I'm trying to build a paintball/ nerf gun that uses an electric motor to spin a bolt and close a breach. I planned out most of the stuff I need, I just need help with the motor.

I was browsing Radio Shack and I saw, this motor, and I was wondering if it would provide enough torque to spin a 1.75" long PETG bolt. I also need to figure out a way to make the bolt spin to the sealed position every time I pull the trigger. Finally, is there a way to control how fast the bolt spins and how long it stays in the sealed position?


I wish I could help you with the torque question, but I do have some advice. Is the gun semi- or fully automatic? If full, then use the motor. If semi, then you may want to look into using a sliding breech and a solenoid actuator instead, as it will be far more reliable. Trying to get the gun to fire single shots with a motor will need precise timing.

Perhaps you could use the motor to flip the switch for the actuator. This would allow you to fire in fully automatic mode as well. Attach a wheel to the motor shaft with notches cut into it so that the rotation of the wheel will push the button, let it reset, and then push it down again.

Edited by SHADOW HUNTER ALPHA, 04 May 2008 - 04:27 PM.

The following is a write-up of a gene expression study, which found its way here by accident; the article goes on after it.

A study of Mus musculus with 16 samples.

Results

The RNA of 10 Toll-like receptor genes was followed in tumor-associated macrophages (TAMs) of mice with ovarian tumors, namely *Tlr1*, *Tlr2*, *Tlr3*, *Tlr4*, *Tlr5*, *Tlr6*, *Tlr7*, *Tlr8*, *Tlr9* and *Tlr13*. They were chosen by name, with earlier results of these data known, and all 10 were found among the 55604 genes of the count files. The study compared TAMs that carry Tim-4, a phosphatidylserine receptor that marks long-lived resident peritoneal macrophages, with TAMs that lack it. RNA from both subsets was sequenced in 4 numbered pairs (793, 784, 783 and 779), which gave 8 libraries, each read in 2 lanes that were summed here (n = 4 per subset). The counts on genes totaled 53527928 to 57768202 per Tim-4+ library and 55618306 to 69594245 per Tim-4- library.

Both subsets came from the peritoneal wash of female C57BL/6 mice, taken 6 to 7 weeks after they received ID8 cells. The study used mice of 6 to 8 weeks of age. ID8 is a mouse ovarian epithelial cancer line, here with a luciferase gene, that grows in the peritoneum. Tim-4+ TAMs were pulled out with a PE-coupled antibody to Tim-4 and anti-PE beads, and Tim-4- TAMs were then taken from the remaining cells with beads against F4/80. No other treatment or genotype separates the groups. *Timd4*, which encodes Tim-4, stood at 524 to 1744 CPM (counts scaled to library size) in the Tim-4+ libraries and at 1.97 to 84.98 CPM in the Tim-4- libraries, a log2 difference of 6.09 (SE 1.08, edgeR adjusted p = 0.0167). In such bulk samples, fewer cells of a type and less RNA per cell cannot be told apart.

Any basic motor will turn a light piece of plastic if there's no resistance (including being well lubed). The radio shack motor will do. There is another problem though. Basic electric motors free spin. This means that once you stop putting power through to the motor, and it stops spinning, the momentum/un even weight of your "bolt" could just make it move again.

Also, if there will be a load on the "bolt"" (this is an incorrect term, but I know what you mean), then you will need either a higher torque motor or a gear head motor (which has has enough torque to spin no matter what basically). Gear head motors will also solve that free spinning problem, as they lock into place when they stop. Think of a power car window, since that's a typical application for them. However, these types of motors are usually large and less cost effective (if you know what I mean).

To vary speeds, change the voltage to the motor. To vary the voltage you could buy a variety pack of resistors and test them out to what you like, or you could buy an adjustable one. Be aware that Radio Shack stores mostly do not carry electronic pieces anymore, but there are some. If you do end up buying off of the internet, just use allelectronics.com . The shipping is constant no matter how much you buy, and the prices are great, and even better with bulk discounts.

Use a "momentary switch" also if you were wondering which to get.

/end semi-helpful rantish post.


In response to splitlip's suggestion of buying a variety pack of resistors, you would need to make sure you get resistors rated for enough wattage or run a LOT of higher value resistors in parallel. The resistors you would get in the variety pack are either 1/4 or 1/2 watt, so if there's any real load on the motor they will quickly get hot and fail. It might work for a quick test, but I'd suggest buying a power resistor once you know how many ohms you need for the speed you want.